Do You Know Someone Who Died or Nearly Died in Childbirth? Help Us Investigate Maternal Health



Black mothers are three to four times more likely than white mothers to die from pregnancy and childbirth. They’re twice as likely to nearly die from complications such as heart attack, blood clots, excessive bleeding, infection and stroke. These racial disparities affect black mothers whether they live in urban centers or in rural areas and whether they are affluent or poor—and in some parts of the U.S., the gap is widening. In New York City, black mothers used to die at seven times the rate of white mothers; now they are 12 times more likely to die.

Here’s another significant disparity: Black mothers are much less likely to share their traumatic stories on places like Facebook or even with researchers. Thus, at a time when maternal mortality has emerged as one of the most critical public health issues affecting the African-American community, black women’s experiences are largely missing from the public discussion.

ProPublica, NPR and The Root want to change that. We need your help to better understand how and why childbirth is so dangerous for black women—and what can be done to protect more mothers from harm.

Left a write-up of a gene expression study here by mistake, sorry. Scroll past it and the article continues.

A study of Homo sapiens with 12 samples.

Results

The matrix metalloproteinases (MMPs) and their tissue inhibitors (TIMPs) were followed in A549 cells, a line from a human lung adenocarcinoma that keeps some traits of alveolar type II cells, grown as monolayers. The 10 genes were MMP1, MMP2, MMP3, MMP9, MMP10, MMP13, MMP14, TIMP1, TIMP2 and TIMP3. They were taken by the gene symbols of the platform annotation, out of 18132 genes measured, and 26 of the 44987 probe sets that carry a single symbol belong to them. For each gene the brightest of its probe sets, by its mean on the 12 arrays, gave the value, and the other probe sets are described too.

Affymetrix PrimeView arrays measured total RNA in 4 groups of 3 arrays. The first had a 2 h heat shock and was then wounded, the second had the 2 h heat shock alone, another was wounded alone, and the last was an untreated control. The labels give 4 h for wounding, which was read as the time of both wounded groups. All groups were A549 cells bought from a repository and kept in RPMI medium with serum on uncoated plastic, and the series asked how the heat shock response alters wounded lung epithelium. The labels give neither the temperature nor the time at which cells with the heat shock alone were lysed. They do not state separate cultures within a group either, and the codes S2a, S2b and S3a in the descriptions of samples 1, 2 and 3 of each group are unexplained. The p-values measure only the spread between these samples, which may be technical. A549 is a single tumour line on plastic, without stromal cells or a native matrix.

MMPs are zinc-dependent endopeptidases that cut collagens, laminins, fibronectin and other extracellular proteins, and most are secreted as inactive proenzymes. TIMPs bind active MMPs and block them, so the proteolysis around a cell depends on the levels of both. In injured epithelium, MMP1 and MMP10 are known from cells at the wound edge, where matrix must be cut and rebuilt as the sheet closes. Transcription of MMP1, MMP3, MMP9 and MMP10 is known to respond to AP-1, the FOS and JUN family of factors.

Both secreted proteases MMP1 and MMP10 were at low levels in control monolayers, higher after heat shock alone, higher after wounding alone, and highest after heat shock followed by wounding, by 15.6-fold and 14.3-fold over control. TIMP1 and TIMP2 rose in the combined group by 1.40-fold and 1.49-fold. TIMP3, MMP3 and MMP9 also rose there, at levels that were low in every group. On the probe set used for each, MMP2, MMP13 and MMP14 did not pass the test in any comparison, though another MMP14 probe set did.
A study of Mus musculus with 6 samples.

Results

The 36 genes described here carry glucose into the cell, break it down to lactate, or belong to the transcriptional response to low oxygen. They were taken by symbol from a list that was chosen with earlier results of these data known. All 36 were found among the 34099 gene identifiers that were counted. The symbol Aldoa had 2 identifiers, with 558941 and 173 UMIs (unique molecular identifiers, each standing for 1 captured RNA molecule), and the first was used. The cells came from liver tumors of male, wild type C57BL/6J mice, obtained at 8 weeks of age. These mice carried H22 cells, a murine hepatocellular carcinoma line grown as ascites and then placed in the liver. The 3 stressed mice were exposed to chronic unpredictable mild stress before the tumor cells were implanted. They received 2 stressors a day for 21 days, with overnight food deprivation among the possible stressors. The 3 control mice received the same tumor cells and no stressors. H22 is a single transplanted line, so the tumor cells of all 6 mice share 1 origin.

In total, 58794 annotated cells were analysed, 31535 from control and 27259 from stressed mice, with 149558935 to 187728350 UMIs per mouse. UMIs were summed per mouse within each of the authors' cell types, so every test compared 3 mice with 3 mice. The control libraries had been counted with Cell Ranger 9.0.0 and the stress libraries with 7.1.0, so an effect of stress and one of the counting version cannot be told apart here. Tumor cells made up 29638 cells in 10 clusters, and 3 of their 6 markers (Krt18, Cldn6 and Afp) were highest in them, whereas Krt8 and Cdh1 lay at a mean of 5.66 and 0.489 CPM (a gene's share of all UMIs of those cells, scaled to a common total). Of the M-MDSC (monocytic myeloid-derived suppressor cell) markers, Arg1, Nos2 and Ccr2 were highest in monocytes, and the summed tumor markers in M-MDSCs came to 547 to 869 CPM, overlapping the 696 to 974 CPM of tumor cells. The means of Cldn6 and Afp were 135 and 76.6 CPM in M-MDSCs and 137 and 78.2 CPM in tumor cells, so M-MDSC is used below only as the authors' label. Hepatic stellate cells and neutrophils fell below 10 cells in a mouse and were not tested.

Do you know a woman of color who died or nearly died in pregnancy or childbirth or within a year of delivery?

Do you have your own traumatic pregnancy or birthing experience to share?

Do you have a story or information that will help other women and families who have suffered the medical, emotional or economic consequences of a childbirth-related death or injury?


We need to hear from you.

By sharing the experiences of black mothers and families, you will contribute to a growing body of evidence that can inform efforts to improve maternal health care. Tell us your story. We’re listening.


Complete the form below or email us at

See ProPublica’s coverage of the mothers we lost in 2016 here.




Adriana Gallardo is an engagement reporter at ProPublica. Previously, she was the network manager for AIR’s Localore: Finding America, where she oversaw a national series of 15 multimedia and community projects with NPR member stations. Before joining AIR, she traveled the country collecting more than 400 local stories as a facilitator with the StoryCorps mobile booth. In her hometown of Chicago, she spent over a decade working as a print writer, online editor and radio producer.

Elizabeth Dawes Gay, M.P.H., is a consultant working at the intersection of research and policy to advance reproductive and maternal health, rights and justice for women of color. Gay is especially concerned with improving black maternal health, protecting and expanding access to contraception, eliminating health disparities and empowering communities of color. She is also a freelance writer whose work can be found on sites such as Rewire,, HuffPost and The Root. Follow her on Twitter.



This is heart-wrenching; and scary to me as a potential mother. I hope that all of the women who were mistreated, misdiagnosed or worse yet—ignored, get some form of justice.